A Diamond is Forever

by / Jan. 6, 2015 10pm EST

Public Memories of Lance Diamond 

“I saw a comment thread on a Buffalo News piece calling for a bronze statue of Lance Diamond outside Milkie’s, and I add my heart to the sentiment. A statue would memorialize Lance, but it would also memorialize everybody who saw him on a Saturday night, because there was almost no separation between the stage and the audience. Every person in attendance would get a wink, or a fist-bump, or an arm around the shoulder. When he was on the mic, there was an impossible mixture of celebrity and intimacy, and it brought the room together in the feeling of sharing a special night. You were there in a little lounge in Buffalo, NY, and there nowhere else you would rather be. I think the first time I ever really danced was because of Lance. The man was a love machine. Pure hometown heart. Buffalo is richer thanks to him and all the memories he made.”

Eric Gelsinger

“When Lance was named one of the coolest people in Buffalo (this was less than 12 months ago) I asked him what makes a person cool. He said “People can make you cool, man. It’s all in how you carry yourself.” I think it was that and the dozens of loud suits he owned. He told me he owned enough suits to dress the Buffalo Philharmonic Orchestra.”

Cory Perla

“The best thing was the joy that everyone got out of him almost more as an idea than as a person; people loved the idea that there was a ’70s-style lounge with a ’70s-style guy with a ’70s-style dedicated night. It was like Elmwood lore that people who hung out and went to shows knew about but if you didn’t, you didn’t. Kind of like a little entertainment industry secret.”

Jacob Drum

“best move the goo goo dolls ever made was recording tracks w Lance

best move my ex mother in law ever made was having him perform at her 2nd marriage wedding reception”

Kevin Thurson

“Lance was outside the Elmwood Lounge at a table at ten in the morning in the sunshine reading the paper, when a friend of mine and me walked by. My friend and I were talking about fighting with our parents. We had danced a few times at Lance’s shows, he was a bit of a superstar to us, so we said hi. He chimed right in, no hesitation, and said you can’t fight with your folks. That you have to love them. His meaning was clear, we had to squash it, but he didn’t use that word. He made it seem universal, larger than us, that it was necessary to love our parents, no matter what, and not fight with them. My friend and I dug the advice, especially because he was so willing to enter into a philosophical conversation so quickly. We definitely agreed it was a little magical moment. We said thank you, and goodbye, and he continued to read his paper alone in peace.”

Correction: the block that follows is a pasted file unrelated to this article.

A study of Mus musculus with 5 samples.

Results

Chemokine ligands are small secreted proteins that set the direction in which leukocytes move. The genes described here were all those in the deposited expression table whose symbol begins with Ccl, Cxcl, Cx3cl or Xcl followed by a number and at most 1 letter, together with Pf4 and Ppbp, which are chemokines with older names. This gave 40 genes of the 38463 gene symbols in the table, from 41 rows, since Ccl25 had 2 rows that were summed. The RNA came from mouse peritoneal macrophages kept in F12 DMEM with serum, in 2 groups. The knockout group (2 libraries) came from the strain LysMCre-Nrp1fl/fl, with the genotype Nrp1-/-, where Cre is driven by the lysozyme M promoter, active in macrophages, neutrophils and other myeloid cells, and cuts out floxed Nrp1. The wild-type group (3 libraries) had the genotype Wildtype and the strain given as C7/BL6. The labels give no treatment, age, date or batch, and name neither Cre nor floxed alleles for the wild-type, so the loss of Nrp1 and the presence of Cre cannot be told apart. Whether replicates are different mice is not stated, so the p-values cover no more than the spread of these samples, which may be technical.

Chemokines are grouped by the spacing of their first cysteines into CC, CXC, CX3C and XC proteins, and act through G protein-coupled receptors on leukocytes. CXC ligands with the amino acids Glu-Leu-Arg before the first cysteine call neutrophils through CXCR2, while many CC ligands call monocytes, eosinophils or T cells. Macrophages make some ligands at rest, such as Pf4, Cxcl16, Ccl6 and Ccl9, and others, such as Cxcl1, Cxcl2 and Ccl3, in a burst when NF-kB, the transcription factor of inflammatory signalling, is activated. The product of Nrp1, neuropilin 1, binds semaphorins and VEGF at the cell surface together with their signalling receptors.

Damian Weber

“when i was in anal pudding, at the allentown music is art fest 2006 or 7, was the only time i was ever spoken to by Lance. he said he thought of the name anal pudding every time he did sex with a woman who had an interesting ass tattoo, it really made our day when he casually mentioned it to us in a buffet line. just wanted to share that with ya’ll tho RIP

also i saw him watching me do wild stand up at milks once and that made me feel great too. I wish i would’ve spoke with him more”

Jack Toft

“That Coincidental Hour coincidentally was (sadly) my last chance-Lance encounter. Such a nice guy. Always really supportive of whatever bookings were going on at the Lounge/Milkies, curious as to what was in store for the evening.. As much as he loved the spotlight he was also an eager spectator/observer. I liked that about him.”

Jill Merz

“Lance Diamond was filled with spirit, soul and love. He had the magical ability to always bring a crowd to their feet and always made everyone feel beautiful. I was amazed to watch him eat, talk and sing about chicken wings for national television in one of his finest suits without getting a drop of sauce anywhere — not even on his chin. He is, and will always be, truly larger than life!”

Bernice Radle

“I remember Lance as a genuine positive force. He understood the importance of making other people feel special. His charisma turned the spotlight on those around him and made everyone in his orbit glow a bit brighter. Its a lonely world out there. Lance made you feel like you were on top of it.”

Rob Lynch

“What’s on my mind? Missing the ones out love, the passing of Lance Diamond, Elmwood Lounge. Sitting outside, summer & spring–I walk by, get a big kiss–that corner will never the same.”

Thelma Lee Ballard

“A little over 4 years ago The CPX played a gig at Elmwood Lounge, after Lance Diamond’s set. After he was done, he changed his clothes and hung out for our set. Once we had finished, he came up to me and told me I had a lot of energy and was a good frontman for this band. He gave me a note on a folded sheet of paper, and all it said was — “George Clooney’s character in O Brother Where Art Thou?”. It was kind of odd, but hey, it was Lance Diamond so who am I to judge? Now fast forward 4 years and I have a son, Everett. What was Clooney’s characters name in that movie? Everett. I think Lance Diamond subconsciously named my son.”

Andrew J Reimers

Do you have a special memory of Lance Diamond you’d like to share? Comment below to add yours.